Focus on Endometriosis – Do You Know the Signs?

Around 1 in 10 women of reproductive age in the UK suffers from endometriosis and yet getting an accurate diagnosis and treatment can be extremely difficult. Endometriosis is a condition where cells that line the womb are found elsewhere in the body. They behave in the same way as cells inside the womb and therefore swell and bleed on a monthly basis, causing a wide range of symptoms including painful menstruation and intercourse.

Prof Adnan Bunkheila, a consultant gynaecologist who works in the NHS and here at HMT Sancta Maria Hospital, explains the condition, the signs and symptoms and treatment options available.

“Endometriosis can be a debilitating condition for women. As well as the chronic pain associated with the condition, it can have a knock-on effect on a woman’s mental health, career, sexual relationships and fertility.

“It is a difficult condition to diagnose, and many women wait for several years from first identifying symptoms to getting a diagnosis and accessing treatment. The condition doesn’t show up on scans or on MRI’s until it is very advanced. Blood tests also rarely pick up on the condition and therefore it is imperative for women with suspected endometriosis to been seen by a specialist.

“Women with chronic pain associated with their monthly cycle who have ruled out other conditions should seek the opinion of a specialist. I find that many of my patients are overwhelmed with relief when I can accurately diagnose them as their journey up to that point has been long and painful.

“In most instances, surgery is the most effective form of treatment. Medication can calm down certain symptoms but a procedure known as Laparoscopy ensures that endometriosiscells are removed and the problems is treated at source.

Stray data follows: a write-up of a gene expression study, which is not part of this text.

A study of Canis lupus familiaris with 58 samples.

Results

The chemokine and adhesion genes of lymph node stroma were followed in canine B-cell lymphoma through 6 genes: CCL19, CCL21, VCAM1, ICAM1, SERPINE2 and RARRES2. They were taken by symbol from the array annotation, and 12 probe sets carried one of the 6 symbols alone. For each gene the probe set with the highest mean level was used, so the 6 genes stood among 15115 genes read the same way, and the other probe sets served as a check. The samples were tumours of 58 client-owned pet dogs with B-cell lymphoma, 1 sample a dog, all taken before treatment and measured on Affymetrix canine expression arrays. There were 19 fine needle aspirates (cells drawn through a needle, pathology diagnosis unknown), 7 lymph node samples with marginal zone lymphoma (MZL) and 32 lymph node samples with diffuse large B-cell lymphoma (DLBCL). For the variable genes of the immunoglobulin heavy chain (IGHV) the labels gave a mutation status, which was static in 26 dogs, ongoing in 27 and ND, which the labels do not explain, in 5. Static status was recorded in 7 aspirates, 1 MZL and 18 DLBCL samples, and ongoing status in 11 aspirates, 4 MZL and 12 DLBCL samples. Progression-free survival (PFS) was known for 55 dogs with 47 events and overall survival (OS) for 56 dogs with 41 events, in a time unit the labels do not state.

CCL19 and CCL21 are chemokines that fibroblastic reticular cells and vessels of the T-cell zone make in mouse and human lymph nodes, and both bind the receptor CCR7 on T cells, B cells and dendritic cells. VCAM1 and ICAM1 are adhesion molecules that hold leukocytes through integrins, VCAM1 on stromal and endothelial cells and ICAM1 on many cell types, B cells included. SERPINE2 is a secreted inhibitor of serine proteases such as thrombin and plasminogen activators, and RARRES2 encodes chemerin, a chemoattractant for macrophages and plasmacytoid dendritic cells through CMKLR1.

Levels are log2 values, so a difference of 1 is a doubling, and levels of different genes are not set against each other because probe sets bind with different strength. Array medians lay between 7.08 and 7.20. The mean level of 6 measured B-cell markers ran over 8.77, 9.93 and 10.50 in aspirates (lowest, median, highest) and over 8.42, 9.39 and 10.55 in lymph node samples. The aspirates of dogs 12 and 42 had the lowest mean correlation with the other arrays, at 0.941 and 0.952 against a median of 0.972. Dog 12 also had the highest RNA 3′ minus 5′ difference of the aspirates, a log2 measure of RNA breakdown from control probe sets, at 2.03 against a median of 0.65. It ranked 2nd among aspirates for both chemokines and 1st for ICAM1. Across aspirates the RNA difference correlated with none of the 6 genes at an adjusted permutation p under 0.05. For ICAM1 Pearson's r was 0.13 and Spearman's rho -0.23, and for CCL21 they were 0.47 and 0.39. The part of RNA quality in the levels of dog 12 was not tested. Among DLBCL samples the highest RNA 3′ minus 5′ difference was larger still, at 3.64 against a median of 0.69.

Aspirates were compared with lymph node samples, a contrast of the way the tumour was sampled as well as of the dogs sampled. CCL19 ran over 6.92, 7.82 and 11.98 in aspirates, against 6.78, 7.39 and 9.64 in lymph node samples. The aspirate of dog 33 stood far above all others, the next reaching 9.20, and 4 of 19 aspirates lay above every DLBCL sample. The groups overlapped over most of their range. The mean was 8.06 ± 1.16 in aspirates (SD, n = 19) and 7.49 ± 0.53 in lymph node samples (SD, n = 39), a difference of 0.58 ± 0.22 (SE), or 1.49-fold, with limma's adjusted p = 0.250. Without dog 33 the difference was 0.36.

“A Laparoscopy as a minimally invasive keyhole surgery where a magnified camera is inserted into the body through the belly button, allowing the surgeon to pinpoint the location of the endometriosis and cut it out. The aim of the surgery is to relieve symptoms and to stop the endometriosis from further damaging the organs that it landed on.

“Sometimes more than one surgery is required if the endometriosis is particularly aggressive or is growing deeply in an area such as the rectum. Healing time from the procedure is normally quite quick and with it being minimally invasive, my patients are usually home the next day and starting their recovery.

“Outcomes from surgery are very much based on the skill and experience of the surgeon. Being meticulous and removing all deposits of endometriosis and scar tissue that results from endometriosis is the key to making symptoms go away and to restoring fertility. Not many gynaecologists are experts in this field so I would urge women who are self-referring to research their consultant and their knowledge in this area.

“Although diagnosis can be difficult, effective treatment of endometriosis can dramatically improve the quality of life for patients so I would urge women who feel that they have been suffering with chronic pain and severe periods to seek medical advice. Although I receive many referrals from GPs who suspect their patients are living with this condition, I also see many women who self-refer themselves after getting no answers from traditional diagnostic techniques. If you are concerned about your health in this area then reach out for help and start your journey to diagnosis, treatment and recovery.”

Prof Bunkheila is one of the most experienced specialists in endometriosis, laparoscopic surgery and male/female infertility in Wales.

For more information about endometriosis or to book a consultation with us at HMT Sancta Maria Hospital visit www.hmtsanctamaria.org or call 01792 479 040.